Do Schools Need a ‘Support Report?’

In a recent article “If Schools Issue Report Cards, Should Students Issue Support Cards?” Kent Pekel of the Search Institute reminds school leaders that “by June, our nation’s elementary and secondary schools will have cumulatively issued more than 100 million of those report cards, each of which will describe and evaluate how well students are meeting the expectations that teachers and schools have set for them.”

Pekel goes on to point out:

“Very few of those students, in contrast, will have the opportunity to describe and evaluate the kind and caliber of support they receive to help them meet those expectations. That imbalance should concern us because studies suggest that young people are most likely to achieve difficult objectives if they experience a mix of both challenge and support. If educators don’t ask how supported young people feel in an organized and ongoing way, they have nothing against which to calibrate the levels of challenge they expect young people to embrace and overcome.”

Here are some key points for school leaders to ponder:

Teacher Effectiveness – The MET Project revealed that student feedback was an accurate predictor of teacher effectiveness. Teachers who frequently checked for understanding, and who proactively sought feedback from students were perceived to be both more caring and more effective.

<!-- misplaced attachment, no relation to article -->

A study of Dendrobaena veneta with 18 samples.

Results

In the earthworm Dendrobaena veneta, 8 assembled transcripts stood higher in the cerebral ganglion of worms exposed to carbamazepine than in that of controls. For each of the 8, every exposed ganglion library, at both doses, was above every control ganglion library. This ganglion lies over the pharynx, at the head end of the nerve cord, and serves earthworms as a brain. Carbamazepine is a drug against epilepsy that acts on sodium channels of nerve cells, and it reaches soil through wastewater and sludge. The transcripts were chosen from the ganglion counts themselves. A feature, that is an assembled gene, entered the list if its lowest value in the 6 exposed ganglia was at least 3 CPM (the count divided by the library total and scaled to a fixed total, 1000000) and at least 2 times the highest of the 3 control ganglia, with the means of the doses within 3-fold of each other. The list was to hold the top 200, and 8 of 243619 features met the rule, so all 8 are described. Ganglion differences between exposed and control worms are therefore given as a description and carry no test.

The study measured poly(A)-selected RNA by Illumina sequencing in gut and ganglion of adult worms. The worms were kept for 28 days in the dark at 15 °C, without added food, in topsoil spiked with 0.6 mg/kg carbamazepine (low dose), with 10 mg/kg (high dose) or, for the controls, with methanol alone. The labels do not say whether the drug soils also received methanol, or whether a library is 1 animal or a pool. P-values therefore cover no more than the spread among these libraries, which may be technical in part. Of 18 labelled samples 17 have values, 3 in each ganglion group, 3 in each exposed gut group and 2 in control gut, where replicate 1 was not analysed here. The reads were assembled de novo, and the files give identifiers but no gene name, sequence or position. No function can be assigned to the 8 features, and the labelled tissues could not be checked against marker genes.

Informing Instruction -Feedback from students should be not be an assessment of teaching, but should inform instruction, helped to focus review, and to target remediation efforts.

Increased rigor demands increased support! – Pekel points out “the dramatic declines in reading and math scores that are currently being reported in many states confirm that in adopting the Common Core State Standards, the United States has committed itself to another major increase in the level of academic rigor that we expect most of our students to achieve. To help students make that leap, experts and educators across the country are designing new approaches to curriculum, instruction, assessment, professional development, and technology. Even as we take those and other steps to change the way the adults in our schools work with young people and with each other, we should also take the time to ask our students if they think they have the support they need to succeed.

The Carnegie report, Opportunity by Design, warns us that “increased demands of content call for increased effort in personalizing the school. Seeking student feedback indicates that we care and that we are committed to their success.

In Rigor is Not a Four Letter Word, Barbara Blackburn defines rigor as:

  1. Higher Expectations
  2. Increased Support for Students to Meet Those Expectations
  3. Students Demonstrating Higher Learning


As we dramatically increase expectations of what students need to know and be able to do (new state standards) and how teachers are expected to teach, school leaders must substantially increase the level of support to both teachers and students.